Some people’s work and home schedules make it tough to exercise regularly, if at all. Then there’s UPMC’s Eric Anish, MD, who might be the busiest of them all.

The UPMC Shadyside-based doctor spends most of his workday as a primary care physician seeing patients. But he also teaches in the University of Pittsburgh School of Medicine and in the UPMC Sports Medicine Department. He also works the sideline at Duquesne University football and basketball games as team physician. And he does frequent consulting work for the U.S. Olympic Committee. In addition, he is a dedicated husband and a father of three. And he happens to be one of the best runners in Pittsburgh. In 2009 he ran an amazing marathon — 26 miles in 2 hours, 38 minutes — at age 40.

The question is, How does Dr. Anish fit regular exercise into his crazy schedule?

“The key for me is to get up early and exercise first thing,” says Anish. “Every workday can be quite different for me, which is good in some ways, but it can be tough on my exercise routine. To make sure I get my workout in, I do it early, before the chaos hits.”

And to those who’d rather get that extra 30 to 60 minutes of sleep in the morning than exercise, Anish says, “Research shows that regular exercise significantly improves sleep quality. So even if you get a little less of it, it’s better quality, so you end up with more mental and physical energy during the day.”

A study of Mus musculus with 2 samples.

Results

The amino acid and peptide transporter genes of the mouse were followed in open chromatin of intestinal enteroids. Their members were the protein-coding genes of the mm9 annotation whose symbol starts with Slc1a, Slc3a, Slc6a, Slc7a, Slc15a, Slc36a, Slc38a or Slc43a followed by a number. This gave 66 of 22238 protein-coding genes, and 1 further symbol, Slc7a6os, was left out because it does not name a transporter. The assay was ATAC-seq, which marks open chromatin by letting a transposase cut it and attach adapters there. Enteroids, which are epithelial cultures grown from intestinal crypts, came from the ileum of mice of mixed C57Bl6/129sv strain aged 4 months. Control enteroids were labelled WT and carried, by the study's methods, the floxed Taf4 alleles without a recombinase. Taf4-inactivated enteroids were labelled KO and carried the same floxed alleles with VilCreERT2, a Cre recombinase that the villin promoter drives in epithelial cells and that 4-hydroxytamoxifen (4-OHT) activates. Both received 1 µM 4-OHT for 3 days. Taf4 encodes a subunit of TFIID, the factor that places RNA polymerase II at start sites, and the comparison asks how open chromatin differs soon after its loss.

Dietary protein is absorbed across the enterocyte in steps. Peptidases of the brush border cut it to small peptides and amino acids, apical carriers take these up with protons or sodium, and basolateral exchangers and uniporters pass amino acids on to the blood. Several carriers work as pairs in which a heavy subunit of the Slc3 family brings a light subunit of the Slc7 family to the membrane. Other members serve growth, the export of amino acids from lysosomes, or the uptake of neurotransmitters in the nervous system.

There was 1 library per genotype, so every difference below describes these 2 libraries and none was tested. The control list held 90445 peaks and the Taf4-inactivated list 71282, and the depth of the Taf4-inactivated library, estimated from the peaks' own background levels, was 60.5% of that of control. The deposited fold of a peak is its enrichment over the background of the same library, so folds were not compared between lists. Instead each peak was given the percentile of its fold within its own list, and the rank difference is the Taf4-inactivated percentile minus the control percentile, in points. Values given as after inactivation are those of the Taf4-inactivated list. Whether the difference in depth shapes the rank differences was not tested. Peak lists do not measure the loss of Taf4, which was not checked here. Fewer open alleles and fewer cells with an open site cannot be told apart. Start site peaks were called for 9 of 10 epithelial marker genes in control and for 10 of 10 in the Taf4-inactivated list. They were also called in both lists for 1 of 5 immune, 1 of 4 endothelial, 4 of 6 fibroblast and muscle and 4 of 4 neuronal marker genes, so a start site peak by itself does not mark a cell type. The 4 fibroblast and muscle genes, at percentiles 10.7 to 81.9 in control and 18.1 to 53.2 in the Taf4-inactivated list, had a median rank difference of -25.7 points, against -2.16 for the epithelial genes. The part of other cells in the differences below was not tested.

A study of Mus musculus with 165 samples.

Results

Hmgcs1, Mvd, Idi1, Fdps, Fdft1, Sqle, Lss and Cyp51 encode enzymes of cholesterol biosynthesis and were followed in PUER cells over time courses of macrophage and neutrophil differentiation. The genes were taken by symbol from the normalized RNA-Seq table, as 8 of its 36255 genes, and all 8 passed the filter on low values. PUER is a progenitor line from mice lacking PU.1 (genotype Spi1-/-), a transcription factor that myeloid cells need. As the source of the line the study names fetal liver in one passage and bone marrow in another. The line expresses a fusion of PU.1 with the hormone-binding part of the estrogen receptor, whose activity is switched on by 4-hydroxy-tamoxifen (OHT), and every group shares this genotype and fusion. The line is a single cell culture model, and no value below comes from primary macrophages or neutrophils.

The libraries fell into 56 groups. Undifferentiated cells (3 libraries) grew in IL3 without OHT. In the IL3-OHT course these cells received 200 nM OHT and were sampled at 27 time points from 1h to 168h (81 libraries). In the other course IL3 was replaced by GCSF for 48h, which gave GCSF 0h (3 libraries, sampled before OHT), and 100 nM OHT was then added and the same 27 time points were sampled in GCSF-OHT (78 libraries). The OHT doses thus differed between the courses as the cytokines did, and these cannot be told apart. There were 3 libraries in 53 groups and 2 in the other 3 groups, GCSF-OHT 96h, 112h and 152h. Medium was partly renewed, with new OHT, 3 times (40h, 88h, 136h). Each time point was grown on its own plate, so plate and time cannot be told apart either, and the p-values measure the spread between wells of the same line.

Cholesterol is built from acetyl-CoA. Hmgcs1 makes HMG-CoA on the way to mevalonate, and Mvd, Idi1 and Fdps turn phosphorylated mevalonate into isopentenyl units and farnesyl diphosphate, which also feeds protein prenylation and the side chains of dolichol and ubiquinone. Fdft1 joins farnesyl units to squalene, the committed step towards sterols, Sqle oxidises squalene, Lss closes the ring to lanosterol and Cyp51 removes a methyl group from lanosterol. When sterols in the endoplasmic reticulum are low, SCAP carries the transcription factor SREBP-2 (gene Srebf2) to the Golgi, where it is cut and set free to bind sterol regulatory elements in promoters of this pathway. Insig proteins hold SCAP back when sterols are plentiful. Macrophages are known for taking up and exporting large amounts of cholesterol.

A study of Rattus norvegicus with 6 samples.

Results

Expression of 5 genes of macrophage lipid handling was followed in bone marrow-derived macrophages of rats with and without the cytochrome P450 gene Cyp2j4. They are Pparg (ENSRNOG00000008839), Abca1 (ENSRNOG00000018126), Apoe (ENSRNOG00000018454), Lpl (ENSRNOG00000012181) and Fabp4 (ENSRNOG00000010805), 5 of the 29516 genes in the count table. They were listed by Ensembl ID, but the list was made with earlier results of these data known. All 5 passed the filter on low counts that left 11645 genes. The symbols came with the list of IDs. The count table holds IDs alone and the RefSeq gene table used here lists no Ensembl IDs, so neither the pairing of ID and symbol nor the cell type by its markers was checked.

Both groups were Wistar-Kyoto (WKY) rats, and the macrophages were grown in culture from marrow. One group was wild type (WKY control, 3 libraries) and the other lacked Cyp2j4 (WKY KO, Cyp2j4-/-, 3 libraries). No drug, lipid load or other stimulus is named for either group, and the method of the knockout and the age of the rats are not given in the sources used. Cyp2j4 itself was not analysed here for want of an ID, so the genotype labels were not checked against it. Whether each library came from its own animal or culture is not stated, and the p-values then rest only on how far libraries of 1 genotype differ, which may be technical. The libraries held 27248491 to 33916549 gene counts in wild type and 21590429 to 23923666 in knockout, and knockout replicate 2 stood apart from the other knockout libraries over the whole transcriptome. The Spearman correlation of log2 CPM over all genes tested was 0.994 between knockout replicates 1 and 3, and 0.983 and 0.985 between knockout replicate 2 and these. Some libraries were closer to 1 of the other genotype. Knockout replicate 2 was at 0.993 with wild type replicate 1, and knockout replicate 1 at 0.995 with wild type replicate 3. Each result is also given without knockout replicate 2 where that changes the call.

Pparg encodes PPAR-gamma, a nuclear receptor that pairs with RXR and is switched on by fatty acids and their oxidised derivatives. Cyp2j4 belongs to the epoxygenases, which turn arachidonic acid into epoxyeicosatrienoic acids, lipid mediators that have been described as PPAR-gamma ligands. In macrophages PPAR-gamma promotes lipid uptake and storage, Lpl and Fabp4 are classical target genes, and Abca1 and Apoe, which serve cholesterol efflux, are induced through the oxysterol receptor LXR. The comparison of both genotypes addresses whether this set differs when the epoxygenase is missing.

As for his ability to exercise regularly over many years, Anish says, “I’ve been a runner since I was eight years old. Some people hear that and think it must be easy for me somehow. Like I’m hooked on it so it’s not even a conscious decision to run or not. But I’m just like everyone else. I have to choose to do it. Lots of times I’d rather stay in bed. But once I’ve finished my workout, I feel great about it all day long.”

More Anish wisdom

On planning: “Each week I figure out which days I’ll be running and at what times. But if something comes up and I can’t do my run, I don’t let myself feel guilty about it. I don’t let it become another source of stress.”

On being consistent: “When I get hurt or can’t run for extended periods, I make sure I substitute the running with something else that keeps me fit, like walking, cycling, or swimming. This helps me stay with everything else that goes along with my running, such as good sleeping and eating habits.”

On prioritizing: “It’s so important to make exercise a priority. Why shouldn’t it be? It does so much for us. It makes us feel better, it gives us more energy, it helps keep us at a healthy weight, it lowers disease risk, it makes us live longer. If you could take a pill that would do all this, everyone would be taking it!”